Friday, November 14, 2008

Here's My Intro For Tenney Nathanson From Last Night's Amazing Reading

“I was dreaming when I wrote this, so sue me if I go too fast”
--Prince, "1999"

Tenney Nathanson is much more than a poet and a critic. He is a mind in action. He has written one of the most important books in our time on Walt Whitman, called Whitman’s Presence: Body, Voice and Writing in Leaves of Grass, plus several books of poetry: One Block Over, Erased Art, (Published by Chax Press) and Home On The Range (O Books). Linguistic innovation in his work is fresh, startling, and will help you unknow things.

When I first started listening to Tenney read, I was alarmed and intrigued in a marvelous way, by the wild flow of collage and abstract narrations, and I’d get so happily lost. Now I listen for the way he moves through the various personalities of his phrasings. Whose voices are these? His? Mine? In one listen, I hear a multitude.

In a review of his work, Ron Silliman says, “By now the Whitmanesque line feels far less like Whitman & far more like Nathanson.”

And every line, if you listen carefully, becomes a hyperlink under erasure. Within Tenney’s poetry there is the constant sense that everything is infinitely linkable, infinitely connected. Or not…perhaps it’s infinitely fractured, but endearingly so.

Here’s a bit from the poem “Madame Bovary, The National Enquirer, Capital, and The Hardy Boys, Published For the First Time Together In A Single Volume” from the book Erased Art:


“here is an equivalent stretch of sand
Or an equivalent stretch of sand
To the paper of this word
Fired like glass
Then fired like glass and perused
Wattles everywhere
With splayed mud giving it torsion in parts
Here’s some sand in your glass
Here’s some mud in your eye
As equivalence stretches the breaking point
Like a list including itself as one of its minor items
All had been well with the big engine of its dream”

You see that the words and the voices that motivate them are always moving towards and away from us, always slipping out of and into the framework of art.

Tenney has also done his fair share of cushion work, and has created a drifter poetics that is always grounded by that don’t-know mind. Even though he does know: the academy, the cushion, the koan. Frequently it treks through our desert place, and it always hears voices from all over and under the literary world. This drifted poetics is cozy in the movement of language, and ranges wide. It puts out its Whitmanian thumb and is picked up by Kafka, by Walter Benjamin, by D.T. Suzuki, by Tucson, and New York.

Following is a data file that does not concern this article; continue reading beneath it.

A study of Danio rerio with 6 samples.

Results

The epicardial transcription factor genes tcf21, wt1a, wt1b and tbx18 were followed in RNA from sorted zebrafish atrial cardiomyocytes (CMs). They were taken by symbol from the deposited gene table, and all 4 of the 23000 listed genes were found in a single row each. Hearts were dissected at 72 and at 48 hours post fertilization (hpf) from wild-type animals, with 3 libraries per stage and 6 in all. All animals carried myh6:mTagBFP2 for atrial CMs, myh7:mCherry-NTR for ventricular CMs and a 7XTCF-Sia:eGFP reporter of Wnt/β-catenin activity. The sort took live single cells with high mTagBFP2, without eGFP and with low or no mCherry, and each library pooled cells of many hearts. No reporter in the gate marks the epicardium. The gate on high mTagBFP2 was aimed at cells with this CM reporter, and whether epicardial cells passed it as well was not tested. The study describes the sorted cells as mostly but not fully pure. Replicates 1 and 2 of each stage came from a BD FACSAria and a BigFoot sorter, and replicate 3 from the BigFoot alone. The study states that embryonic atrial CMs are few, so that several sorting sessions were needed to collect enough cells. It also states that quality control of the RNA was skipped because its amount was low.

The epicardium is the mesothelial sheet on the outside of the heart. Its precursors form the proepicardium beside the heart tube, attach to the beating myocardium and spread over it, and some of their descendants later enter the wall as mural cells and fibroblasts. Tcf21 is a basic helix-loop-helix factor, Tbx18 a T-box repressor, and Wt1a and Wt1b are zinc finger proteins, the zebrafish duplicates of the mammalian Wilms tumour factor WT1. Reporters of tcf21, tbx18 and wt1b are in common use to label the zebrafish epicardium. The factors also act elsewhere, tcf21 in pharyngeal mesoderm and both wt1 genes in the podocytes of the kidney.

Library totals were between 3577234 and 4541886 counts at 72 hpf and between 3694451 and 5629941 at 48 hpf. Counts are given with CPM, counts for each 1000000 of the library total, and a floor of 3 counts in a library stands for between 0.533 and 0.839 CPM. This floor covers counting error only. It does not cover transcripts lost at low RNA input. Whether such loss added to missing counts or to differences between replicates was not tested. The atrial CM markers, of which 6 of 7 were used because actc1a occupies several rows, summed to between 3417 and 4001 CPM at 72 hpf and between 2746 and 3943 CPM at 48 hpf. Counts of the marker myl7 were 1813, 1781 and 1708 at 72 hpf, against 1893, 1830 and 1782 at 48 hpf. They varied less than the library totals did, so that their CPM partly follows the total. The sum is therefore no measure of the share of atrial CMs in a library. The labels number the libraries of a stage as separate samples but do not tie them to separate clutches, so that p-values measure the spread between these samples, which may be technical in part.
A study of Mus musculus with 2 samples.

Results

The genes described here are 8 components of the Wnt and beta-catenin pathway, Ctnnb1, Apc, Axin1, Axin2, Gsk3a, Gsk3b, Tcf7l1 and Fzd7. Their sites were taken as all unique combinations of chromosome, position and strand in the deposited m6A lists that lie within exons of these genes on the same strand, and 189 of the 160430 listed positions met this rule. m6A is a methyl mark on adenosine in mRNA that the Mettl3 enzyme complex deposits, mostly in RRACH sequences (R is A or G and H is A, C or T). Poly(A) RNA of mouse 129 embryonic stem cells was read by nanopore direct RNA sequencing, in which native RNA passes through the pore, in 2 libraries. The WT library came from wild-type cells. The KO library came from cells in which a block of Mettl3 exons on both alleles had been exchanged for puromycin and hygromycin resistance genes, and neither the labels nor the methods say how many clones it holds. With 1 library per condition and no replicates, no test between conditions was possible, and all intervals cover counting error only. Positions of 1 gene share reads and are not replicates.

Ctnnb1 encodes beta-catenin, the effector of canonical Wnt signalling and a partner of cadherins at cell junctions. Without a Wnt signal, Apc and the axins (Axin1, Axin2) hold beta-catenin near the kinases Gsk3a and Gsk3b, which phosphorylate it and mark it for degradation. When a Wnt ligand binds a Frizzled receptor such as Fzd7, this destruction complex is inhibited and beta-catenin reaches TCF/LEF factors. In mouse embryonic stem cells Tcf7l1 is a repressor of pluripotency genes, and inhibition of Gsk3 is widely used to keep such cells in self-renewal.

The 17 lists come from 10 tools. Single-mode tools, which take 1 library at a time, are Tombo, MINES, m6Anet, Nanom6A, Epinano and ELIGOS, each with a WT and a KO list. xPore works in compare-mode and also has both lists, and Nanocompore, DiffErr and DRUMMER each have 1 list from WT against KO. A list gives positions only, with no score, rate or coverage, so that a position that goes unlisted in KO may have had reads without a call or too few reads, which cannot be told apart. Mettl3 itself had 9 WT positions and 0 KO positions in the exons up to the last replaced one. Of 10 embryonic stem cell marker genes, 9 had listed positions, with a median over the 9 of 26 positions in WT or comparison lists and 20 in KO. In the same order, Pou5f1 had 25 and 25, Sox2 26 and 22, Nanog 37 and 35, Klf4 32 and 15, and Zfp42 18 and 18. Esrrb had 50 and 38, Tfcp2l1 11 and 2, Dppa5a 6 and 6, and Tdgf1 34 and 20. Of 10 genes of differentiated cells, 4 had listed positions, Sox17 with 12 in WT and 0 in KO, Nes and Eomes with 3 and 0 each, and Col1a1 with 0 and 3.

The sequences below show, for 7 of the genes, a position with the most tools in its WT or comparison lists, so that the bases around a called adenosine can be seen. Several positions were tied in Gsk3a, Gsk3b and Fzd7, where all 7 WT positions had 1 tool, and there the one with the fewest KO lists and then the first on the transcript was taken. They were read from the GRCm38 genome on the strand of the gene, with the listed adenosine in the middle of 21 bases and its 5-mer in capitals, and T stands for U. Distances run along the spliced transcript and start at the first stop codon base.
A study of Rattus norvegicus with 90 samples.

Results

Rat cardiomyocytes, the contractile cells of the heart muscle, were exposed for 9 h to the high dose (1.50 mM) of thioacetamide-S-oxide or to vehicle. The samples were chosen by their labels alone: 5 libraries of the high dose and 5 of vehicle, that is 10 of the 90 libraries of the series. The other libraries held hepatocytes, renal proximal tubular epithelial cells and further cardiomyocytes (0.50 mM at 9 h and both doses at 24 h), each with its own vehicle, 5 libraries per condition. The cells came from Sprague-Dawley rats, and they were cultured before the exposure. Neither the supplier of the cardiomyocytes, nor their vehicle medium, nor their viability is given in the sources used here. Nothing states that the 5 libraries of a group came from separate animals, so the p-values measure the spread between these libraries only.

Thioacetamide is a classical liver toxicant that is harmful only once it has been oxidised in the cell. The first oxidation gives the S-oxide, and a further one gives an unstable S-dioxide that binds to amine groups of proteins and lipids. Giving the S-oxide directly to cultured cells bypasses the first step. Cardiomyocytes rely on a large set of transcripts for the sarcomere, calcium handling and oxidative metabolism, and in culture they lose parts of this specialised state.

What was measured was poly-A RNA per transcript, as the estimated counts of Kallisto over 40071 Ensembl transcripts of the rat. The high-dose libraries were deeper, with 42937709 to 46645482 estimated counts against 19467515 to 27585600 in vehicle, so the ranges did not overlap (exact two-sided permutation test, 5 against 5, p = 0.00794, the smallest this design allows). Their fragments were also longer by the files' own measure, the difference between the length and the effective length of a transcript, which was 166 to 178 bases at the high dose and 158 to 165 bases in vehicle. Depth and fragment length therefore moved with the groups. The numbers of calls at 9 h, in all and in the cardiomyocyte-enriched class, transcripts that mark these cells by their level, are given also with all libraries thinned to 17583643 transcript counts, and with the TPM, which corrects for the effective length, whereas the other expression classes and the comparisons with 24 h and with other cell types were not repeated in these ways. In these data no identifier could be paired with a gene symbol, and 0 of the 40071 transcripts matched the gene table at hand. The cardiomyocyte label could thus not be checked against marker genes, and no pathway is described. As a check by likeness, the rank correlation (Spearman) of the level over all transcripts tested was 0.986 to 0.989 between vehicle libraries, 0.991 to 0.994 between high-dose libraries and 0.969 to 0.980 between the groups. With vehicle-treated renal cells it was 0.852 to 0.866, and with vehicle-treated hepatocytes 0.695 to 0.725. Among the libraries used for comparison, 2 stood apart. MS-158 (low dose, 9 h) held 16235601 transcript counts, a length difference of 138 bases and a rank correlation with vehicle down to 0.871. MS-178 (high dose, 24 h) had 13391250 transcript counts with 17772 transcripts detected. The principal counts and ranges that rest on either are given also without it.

Writing about the content in Tenney’s most recent book, Home on The Range, Ron Silliman says: “I’m reminded of Peter Yates’ great definition of content in music as aesthetic consistency & Nathanson would be an example of the principle. It helps that he has an ear that is continually complicated by an overlay of mind…At that level, [the] poem is one long elaboration of the senses, yet it’s just as deeply embedded in history...It’s a complex production, yet completely governed by desire & its cognates...[and the intertexts] feel less like sources and almost as tho they were angels particular to a given section of the poem.”

I once heard an interview with jazz titan Thelonious Monk, who was asked about the use of silence in his work. Monk replied: “Silence is the loudest thing around but most motherfuckers can’t hear it because it’s moving.”

Tenney’s poetry hears the silences, works with them, brings out what they might say in a language that doesn’t ever let us get complacent. His poems attest to the movement of language, its awareness and unawareness of itself. His books create climactic zones, “musical notes, terns whose peaks as resonances, the different vibrational predications named together, a finer level of matter, the gravitational force there is no explanation” (Home On The Range).

It is a poetry that listens and speaks the body, and the newspaper, and the full range of what we mean when we say “Guatemala!”

His current project, which we will hear some of tonight is “Ghost Snow Falls Through The Void (Globalization)”.

I encourage you to listen to the silences between the multitudes, and you may find listening a new thing altogether. Please welcome my mentor and friend, Tenney Nathanson.